Breaking News
More () »

Is there such a thing as earthquake weather?

There’s a science lore out there about earthquake weather, but is that really a thing?

LITTLE ROCK, Ark. — We’ve talked about conditions in the atmosphere on earth and even space weather, but what about conditions just below our surface? There’s a science lore out there about earthquake weather, but is that really a thing? 

The origin of this stems as far back as Ancient Greece. Back during the 4th Century B.C., several philosophers had a few theories on earthquake generation, but Philosopher Aristotle had written work in which he believed earthquakes were caused by winds trapped in subterranean caves trying to escape out. 

Based off the “data” he collected he theorized that because there would be a lot of air trapped underground, that the weather would be hot and calm before an earthquake. Later on, he added that it would happen during calm and cloudy conditions, with everything from strong winds, fireballs and even meteors happening before an event.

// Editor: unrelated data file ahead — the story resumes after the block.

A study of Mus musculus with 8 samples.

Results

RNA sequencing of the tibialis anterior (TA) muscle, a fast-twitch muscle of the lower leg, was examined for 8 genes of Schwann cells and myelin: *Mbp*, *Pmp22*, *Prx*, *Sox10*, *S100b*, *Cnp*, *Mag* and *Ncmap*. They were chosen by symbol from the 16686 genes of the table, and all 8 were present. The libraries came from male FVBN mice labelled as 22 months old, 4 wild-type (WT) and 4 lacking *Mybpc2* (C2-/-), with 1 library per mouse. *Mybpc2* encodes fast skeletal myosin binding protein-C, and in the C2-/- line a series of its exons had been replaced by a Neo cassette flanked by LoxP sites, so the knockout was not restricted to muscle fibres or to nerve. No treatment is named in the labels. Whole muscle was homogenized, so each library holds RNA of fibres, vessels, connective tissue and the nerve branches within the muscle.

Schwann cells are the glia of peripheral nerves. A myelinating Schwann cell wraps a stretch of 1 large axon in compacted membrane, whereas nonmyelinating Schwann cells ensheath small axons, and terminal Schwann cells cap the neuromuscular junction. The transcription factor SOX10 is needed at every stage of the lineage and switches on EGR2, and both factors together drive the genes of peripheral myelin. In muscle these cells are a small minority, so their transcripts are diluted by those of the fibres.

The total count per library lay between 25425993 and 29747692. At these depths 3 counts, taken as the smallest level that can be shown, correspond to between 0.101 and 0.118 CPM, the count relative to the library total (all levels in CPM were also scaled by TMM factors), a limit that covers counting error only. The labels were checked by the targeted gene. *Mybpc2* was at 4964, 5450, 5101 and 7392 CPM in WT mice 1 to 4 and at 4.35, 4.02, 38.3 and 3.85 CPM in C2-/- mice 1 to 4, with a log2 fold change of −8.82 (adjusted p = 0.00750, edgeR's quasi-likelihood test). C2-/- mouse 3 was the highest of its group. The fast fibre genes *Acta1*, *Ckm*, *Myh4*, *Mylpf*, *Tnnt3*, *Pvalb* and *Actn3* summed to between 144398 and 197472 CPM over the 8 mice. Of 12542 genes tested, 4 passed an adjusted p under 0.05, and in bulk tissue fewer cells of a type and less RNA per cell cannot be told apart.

Of course we now know the science behind these tremors. Thanks to seismology, or the study of earthquakes, we know that masses of rock in the Earths’ crust called tectonic plates can trigger them. Where the plates meet is where we find these cracks or fault lines. 

Sometimes these plates grind against each other and create all this built-up pressure until they suddenly slip, causing the ground to tremble. 

According to the U.S. Geological Survey there isn’t enough data to support the connection between earthquakes and weather. They do acknowledge that there have been instances where large changes in atmospheric pressure caused by major storms like hurricanes can trigger what they call “slow earthquakes.” 

These are not the standard earthquakes that lead to shaking though, and the data on them triggering large damaging earthquakes they say are “not statically significant.” 

Although we can’t predict when a major earthquake will occur, there are some forms of human induced earthquakes that do occur on smaller scales.

Examples of these include changes in reservoir water levels which change the amount of stress loads on the faults around them, and earthquakes induced by fluid injection deep in the surface like fracking.